Jim

When Should You Go with Your Gut? A Multiple Choice Dilemma

Stuck on a question, and wondering whether or not you should go with your gut?

Many, many times I’ve had students fret over changing a multiple choice answer (multiple times). Did they make the right decision? Didn’t they?

These questions haunt you much more when you don’t pass an exam. In this post, I’m going to address the issue of when you should go with your gut instinct on a multiple choice exam.

 

Go With Your Gut…I Think?

Whether or not to go with your gut is an age old question. And, as you might suspect, there is no shortage of opinions out there on the subject. Sadly however, no definitive answer seems to unequivocally surface without being contradicted by another. Authors from the Harvard Business Review, to various psychology journals have all weighed in. While some say trusting your gut is a myth, others say if it’s backed up with experience and reason, it may be effective.

I’m not going to leave you hanging with a shoulder shrug though. Let me tell you what I see as a tutor.

 

Gut Instinct

To be successful with “your gut”, usually requires having some base knowledge on the subject. It’s rare that a student of mine answers with gut instinct and gets it correct when they haven’t read the textbook. This instinctual guess often seems more of an educated guess than some form of unexplained psychic ability. That said, one advantage of the multiple choice format of the CFA Exam is that the success rate of guessing is relatively high: 1 in 3. The advantages pretty much end there. Studying for the exam is a lot of work, and the answers are rarely so obvious that you can always eliminate one answer. Answering based on instinct is less often correct when it comes to the CFA practice questions in my experience.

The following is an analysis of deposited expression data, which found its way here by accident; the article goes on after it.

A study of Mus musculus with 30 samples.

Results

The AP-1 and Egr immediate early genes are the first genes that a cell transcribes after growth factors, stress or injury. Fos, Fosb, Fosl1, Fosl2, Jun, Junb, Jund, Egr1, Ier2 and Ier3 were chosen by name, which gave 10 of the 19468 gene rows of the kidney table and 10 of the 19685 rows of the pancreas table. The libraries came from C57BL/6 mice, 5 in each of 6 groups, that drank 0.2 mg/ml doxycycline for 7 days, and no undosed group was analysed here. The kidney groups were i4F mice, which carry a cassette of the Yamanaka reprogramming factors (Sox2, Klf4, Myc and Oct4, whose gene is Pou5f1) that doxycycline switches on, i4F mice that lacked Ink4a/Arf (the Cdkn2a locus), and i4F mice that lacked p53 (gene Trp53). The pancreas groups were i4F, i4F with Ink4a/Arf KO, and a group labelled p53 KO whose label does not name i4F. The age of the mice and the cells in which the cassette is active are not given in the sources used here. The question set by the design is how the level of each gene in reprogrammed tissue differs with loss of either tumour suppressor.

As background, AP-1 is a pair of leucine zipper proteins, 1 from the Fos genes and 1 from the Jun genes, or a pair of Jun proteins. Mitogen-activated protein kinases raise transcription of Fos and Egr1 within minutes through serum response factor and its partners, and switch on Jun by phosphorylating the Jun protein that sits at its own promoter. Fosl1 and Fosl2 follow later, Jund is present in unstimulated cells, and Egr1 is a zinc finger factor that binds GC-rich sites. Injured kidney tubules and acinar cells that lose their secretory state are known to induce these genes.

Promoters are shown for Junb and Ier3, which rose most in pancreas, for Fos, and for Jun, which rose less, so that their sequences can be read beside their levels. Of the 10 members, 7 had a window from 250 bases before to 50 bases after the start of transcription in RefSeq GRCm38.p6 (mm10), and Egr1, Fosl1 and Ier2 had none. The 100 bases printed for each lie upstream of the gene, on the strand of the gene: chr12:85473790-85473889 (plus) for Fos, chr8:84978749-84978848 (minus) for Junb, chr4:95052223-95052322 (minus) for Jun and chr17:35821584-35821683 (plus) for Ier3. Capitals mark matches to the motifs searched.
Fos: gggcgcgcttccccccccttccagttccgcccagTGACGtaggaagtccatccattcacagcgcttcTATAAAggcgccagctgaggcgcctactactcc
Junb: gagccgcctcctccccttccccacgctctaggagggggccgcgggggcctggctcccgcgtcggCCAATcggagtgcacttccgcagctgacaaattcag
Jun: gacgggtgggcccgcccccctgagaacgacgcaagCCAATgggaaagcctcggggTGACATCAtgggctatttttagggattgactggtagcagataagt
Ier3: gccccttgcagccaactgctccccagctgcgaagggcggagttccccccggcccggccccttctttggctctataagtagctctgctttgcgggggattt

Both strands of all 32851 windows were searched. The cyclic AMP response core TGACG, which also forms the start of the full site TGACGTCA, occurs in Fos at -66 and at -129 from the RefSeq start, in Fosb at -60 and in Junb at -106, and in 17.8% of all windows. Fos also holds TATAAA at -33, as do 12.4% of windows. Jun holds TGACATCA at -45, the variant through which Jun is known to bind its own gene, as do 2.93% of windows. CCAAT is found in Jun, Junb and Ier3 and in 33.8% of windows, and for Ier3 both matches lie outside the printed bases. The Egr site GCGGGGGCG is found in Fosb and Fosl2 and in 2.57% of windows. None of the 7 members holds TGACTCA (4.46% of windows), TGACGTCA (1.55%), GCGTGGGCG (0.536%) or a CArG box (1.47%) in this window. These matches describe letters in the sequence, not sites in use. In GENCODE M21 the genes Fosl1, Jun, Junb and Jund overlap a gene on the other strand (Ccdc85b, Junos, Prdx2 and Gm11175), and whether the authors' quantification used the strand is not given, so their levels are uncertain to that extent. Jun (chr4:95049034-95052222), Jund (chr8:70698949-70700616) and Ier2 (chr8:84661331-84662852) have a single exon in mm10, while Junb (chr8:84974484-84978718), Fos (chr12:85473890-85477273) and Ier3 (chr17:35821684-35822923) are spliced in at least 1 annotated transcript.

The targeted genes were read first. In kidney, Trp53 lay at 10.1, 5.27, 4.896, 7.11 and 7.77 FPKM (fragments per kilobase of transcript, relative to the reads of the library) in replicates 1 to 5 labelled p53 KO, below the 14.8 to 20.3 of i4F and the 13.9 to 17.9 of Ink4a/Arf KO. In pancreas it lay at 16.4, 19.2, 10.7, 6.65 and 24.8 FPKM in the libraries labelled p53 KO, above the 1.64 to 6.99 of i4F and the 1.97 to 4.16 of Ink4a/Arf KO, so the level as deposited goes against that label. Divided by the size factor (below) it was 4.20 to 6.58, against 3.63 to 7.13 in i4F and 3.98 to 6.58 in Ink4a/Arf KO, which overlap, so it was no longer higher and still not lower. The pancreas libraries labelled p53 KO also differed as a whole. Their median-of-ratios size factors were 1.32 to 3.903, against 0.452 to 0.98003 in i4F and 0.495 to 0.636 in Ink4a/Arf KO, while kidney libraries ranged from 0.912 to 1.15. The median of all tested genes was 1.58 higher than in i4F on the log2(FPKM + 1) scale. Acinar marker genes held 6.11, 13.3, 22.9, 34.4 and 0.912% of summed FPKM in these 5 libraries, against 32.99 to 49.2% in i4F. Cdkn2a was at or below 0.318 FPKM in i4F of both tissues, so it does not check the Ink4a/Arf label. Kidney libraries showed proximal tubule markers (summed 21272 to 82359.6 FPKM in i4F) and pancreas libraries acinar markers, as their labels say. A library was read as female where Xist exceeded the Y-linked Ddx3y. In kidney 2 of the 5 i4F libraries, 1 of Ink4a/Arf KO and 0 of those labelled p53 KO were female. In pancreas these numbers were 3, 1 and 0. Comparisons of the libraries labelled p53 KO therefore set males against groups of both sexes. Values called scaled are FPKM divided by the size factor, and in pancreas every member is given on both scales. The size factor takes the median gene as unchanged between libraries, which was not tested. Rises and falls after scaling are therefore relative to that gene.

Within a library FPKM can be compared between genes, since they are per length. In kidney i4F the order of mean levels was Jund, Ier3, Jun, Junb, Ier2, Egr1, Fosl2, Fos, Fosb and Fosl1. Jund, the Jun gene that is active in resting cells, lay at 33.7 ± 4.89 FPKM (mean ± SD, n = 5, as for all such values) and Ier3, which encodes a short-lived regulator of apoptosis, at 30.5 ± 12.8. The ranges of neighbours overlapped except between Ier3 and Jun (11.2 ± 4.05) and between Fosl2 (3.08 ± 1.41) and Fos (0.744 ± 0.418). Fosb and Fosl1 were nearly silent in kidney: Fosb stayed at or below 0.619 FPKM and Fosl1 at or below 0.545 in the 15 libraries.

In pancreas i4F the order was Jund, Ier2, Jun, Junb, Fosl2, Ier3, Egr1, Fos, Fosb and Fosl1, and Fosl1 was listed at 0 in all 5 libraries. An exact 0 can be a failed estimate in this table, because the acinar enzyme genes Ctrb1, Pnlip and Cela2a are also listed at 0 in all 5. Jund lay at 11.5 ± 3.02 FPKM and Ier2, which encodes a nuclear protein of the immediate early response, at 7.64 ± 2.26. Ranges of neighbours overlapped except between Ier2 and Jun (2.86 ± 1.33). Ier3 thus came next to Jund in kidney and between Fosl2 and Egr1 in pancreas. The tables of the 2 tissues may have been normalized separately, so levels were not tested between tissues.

On the other hand, my experience as a SIE Exam tutor has left me more confident that when students “guess” their guesses are rarely blind. Anecdotes are all I have to go on unfortunately (I haven’t done any formal study of my students’ success rate of guessing), but I have consistently seen my students’ instincts perform better than random guessing when they have some familiarity with the exam, and have spent considerable time studying. It often seems like “gut instinct” is in fact a loose memory hanging by a thread – but not a shot in the dark.

 

So When Should You Change Your Answer?

There are only two instances in which I think you should change your answer.

  1. First, is when you actually know the answer. If you re-read a question and realize that you misinterpreted it the first time, it makes total sense to change your answer.
  2. However, when you have absolutely no idea of the answer there is no reason to fret over changing your answer. If there are four multiple choice possibilities, the probability that you’re correct is 25% (1 in 4) any way you slice it. No matter how many times you change your answer, you won’t come any closer to being confident.

Gut instinct is hardly an easy-to-identify source of answers. The best antidote to uncertainty when it comes to test taking is to study. And, study hard!

At Professional Exam Tutoring, our goal is to get you to a point where you can rely less on your “gut” and more on a solid foundation of knowledge. Good luck!